Jill Stein is hoping to pick up the mantle of Bernie Sanders’s leftist revolution — and she’s not afraid to openly slam Hillary Clinton on Israel.
The Green Party presidential candidate is pushing sharply divergent positions on the Palestinians, U.S. military aid to Israel, Sheldon Adelson, and Prime Minister Benjamin Netanyahu.
Two weeks ago, when Sanders first endorsed Clinton, Stein called on his followers to join her instead. It was unclear if they would heed her call. But as thousands gathered each afternoon near Philadelphia city hall this week, holding “Feel the Burn” banners yet chanting “Jill not Hill,” and accompanying her on a march across the city, it seems she succeeded better than anyone could have expected.
On Wednesday, an op-ed in The New York Times noted that if she manages to gather the support of at least 15 percent of the national electorate by September, Stein could participate in the presidential debate. This would introduce her to millions of voters and then, in a campaign where many are uninspired by the two leading candidates, “all bets are off.” (Of course, the same applies for the other “third party candidate,” Gary Johnson of the Libertarian Party.)
As her fans chanted her name while listening to Princeton professor Cornel West – another Sanders supporter who defected to Stein’s camp recently – the Green Party leader shares her views on Israel and her vision for the U.S.-Israel relationship with Haaretz.
“There are forces in the United States that are supporting the darker forces in Israel – [people] like Sheldon Adelson, who has been supporting the Netanyahu government, subsidizing it by millions of dollars per month from what I understand,” says Stein.
“So it’s interesting that it’s sort of [this] predatory oligarchy around the world that’s fanning the flames of war. It’s completely unacceptable and unjust that a war hawk in the United States should be inflicting a militaristic policy on Israel. And he doesn’t even live there, so he doesn’t have to live with the consequences of the policy his money is promoting,” she adds.
Stein stresses she would change the Israel-U.S. relationship, especially those between the United States and the Netanyahu government. She would make U.S. support for Israel contingent upon Israeli negotiations with the Palestinians and ending the occupation. And unlike President Barack Obama, Stein would not allow Israel to receive U.S. military aid while ignoring American calls for a peace deal.
“With all humility,” she says, “I would say to the Netanyahu government that we are turning the page in the United States and are now creating a foreign policy based on law and human rights. That we are going to put all of our neighbors and all of our allies on notice that, in the same way we are turning over a new leaf, we expect them to turn over a new leaf – and that in the future, our support and subsidies will be contingent on supporting international law and human rights.”
She continues: “Home demolitions, occupation, assassination, apartheid – many of these things the U.S. government is also doing now, so I say this with all due humility: We need to lead the way, because in countries all over the world this kind of oligarchy is destroying us. We have all become the targets here; injustice anywhere has become a real justice everywhere. We must have a world made of principle that can do away with these needless wars and violations of human rights.”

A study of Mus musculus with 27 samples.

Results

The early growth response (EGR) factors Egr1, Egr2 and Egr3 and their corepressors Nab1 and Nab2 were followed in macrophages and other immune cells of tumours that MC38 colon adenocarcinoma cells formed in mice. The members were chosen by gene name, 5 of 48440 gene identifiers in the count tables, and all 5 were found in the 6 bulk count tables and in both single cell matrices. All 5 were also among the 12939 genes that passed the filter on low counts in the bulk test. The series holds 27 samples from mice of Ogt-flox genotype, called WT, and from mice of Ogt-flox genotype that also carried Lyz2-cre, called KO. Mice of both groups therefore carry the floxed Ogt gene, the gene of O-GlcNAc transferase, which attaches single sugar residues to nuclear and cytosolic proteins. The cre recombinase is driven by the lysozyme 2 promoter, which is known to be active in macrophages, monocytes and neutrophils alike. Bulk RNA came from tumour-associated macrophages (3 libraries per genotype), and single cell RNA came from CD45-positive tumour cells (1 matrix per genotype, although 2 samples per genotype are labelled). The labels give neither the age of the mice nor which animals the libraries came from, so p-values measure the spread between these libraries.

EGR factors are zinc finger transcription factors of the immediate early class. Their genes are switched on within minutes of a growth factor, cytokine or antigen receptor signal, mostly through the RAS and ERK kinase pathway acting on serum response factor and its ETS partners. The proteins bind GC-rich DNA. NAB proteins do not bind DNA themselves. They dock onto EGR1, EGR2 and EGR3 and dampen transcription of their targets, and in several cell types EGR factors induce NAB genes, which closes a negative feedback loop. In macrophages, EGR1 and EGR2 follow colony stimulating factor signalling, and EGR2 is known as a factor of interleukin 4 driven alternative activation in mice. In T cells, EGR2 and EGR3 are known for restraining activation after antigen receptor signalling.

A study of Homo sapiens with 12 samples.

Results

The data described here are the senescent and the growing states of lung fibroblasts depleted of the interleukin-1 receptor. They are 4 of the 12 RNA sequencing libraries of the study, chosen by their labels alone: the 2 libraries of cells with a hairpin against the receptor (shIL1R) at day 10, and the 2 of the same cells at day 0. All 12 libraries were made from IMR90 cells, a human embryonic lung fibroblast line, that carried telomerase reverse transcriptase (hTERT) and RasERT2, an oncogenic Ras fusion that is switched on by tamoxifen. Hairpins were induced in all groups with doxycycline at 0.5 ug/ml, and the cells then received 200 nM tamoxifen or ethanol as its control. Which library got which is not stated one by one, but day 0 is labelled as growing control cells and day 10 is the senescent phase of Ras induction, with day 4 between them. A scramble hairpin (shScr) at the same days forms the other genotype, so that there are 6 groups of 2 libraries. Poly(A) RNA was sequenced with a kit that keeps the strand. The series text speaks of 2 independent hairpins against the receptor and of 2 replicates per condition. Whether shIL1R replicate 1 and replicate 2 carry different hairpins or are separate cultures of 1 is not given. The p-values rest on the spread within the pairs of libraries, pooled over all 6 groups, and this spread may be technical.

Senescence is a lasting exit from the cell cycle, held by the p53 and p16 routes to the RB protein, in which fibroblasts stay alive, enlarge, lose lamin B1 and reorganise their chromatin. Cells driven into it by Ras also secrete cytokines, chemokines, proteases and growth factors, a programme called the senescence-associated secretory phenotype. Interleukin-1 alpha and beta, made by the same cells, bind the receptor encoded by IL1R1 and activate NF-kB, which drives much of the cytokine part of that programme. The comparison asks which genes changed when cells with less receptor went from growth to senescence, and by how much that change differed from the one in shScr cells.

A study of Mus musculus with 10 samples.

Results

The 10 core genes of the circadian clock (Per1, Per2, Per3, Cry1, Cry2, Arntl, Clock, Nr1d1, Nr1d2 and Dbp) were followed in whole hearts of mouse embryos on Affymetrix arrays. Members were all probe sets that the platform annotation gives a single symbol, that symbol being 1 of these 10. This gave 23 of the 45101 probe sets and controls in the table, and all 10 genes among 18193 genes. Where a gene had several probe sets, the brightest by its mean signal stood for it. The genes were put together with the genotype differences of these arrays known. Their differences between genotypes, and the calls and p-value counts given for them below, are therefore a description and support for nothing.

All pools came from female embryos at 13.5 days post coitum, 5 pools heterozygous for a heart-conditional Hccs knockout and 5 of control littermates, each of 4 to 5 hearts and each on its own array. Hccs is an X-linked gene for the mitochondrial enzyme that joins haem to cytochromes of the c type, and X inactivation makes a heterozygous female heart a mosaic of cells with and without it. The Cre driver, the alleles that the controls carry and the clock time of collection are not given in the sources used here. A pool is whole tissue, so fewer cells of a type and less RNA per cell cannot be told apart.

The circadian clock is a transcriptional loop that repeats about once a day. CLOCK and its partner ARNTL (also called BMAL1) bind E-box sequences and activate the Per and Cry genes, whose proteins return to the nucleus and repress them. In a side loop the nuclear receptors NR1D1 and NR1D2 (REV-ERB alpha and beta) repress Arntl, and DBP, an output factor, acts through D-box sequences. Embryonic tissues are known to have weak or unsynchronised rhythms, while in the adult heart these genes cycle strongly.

Also unlike Sanders, who focused on domestic policy and economic inequality during his campaign, Stein is focusing on American foreign policy – especially the arms industry. Ex-Bernie followers who have crossed over to Stein have now switched their line of attack against the Democratic presidential nominee: Old slogans about Clinton’s supposed allegiance to Wall Street have been replaced with accusations of warmongering. “No one is more of a warmonger than Hillary herself!” Stein said at a Philly rally on Monday, to applause.
“Hillary does not recognize Palestinian human rights, she does not recognize it as an issue, and the Democratic Party refuses to take this as a cause. They will not even pretend to care about Palestinian human rights,” Stein tells Haaretz. She believes American public interest in Middle Eastern issues is greater than ever, and that a desire for a change in foreign policy is one of the draws of her campaign.
“We’re all on the same small boat,” she says. “Right now, the boat is going down and we need to take our ship into our [own] hands – because it’s the foxes running the chicken coup for their own profiteering purposes, especially the weapons industry, which is deciding our foreign policy based on selling weapons and instigating conflict around the world.”
Stein dodges questions about her specific vision for Israel and Palestine, or her views on the two-state solution. Instead, she says it’s up to the people of Israel and Palestine to decide on the solution, while Americans can aid the local groups working on these issues.
“The good people of Israel and Palestine are getting together, in grassroots groups, for human rights, and we should support them in their attempt to get past this horrible gridlock that the United States has enabled. This is upon the people of Israel and Palestine, on the basis of human rights, to continue building confidence and find the way out of this.”
Eyeing her supporters, Stein says the U.S. presidential election, which has been especially unpredictable this year, might also bring new opportunities for Israel.
“We are watching the unraveling of politics as we know it, which creates tremendous opportunities,” she says. “There is a way going forward, and it’s time to stand up and demand it. We say, forget the lesser evil, fight for the greater good. There are enough of us that, the minute we stand up for our conviction, we have all the momentum [and] all the conviction we need to go forward.”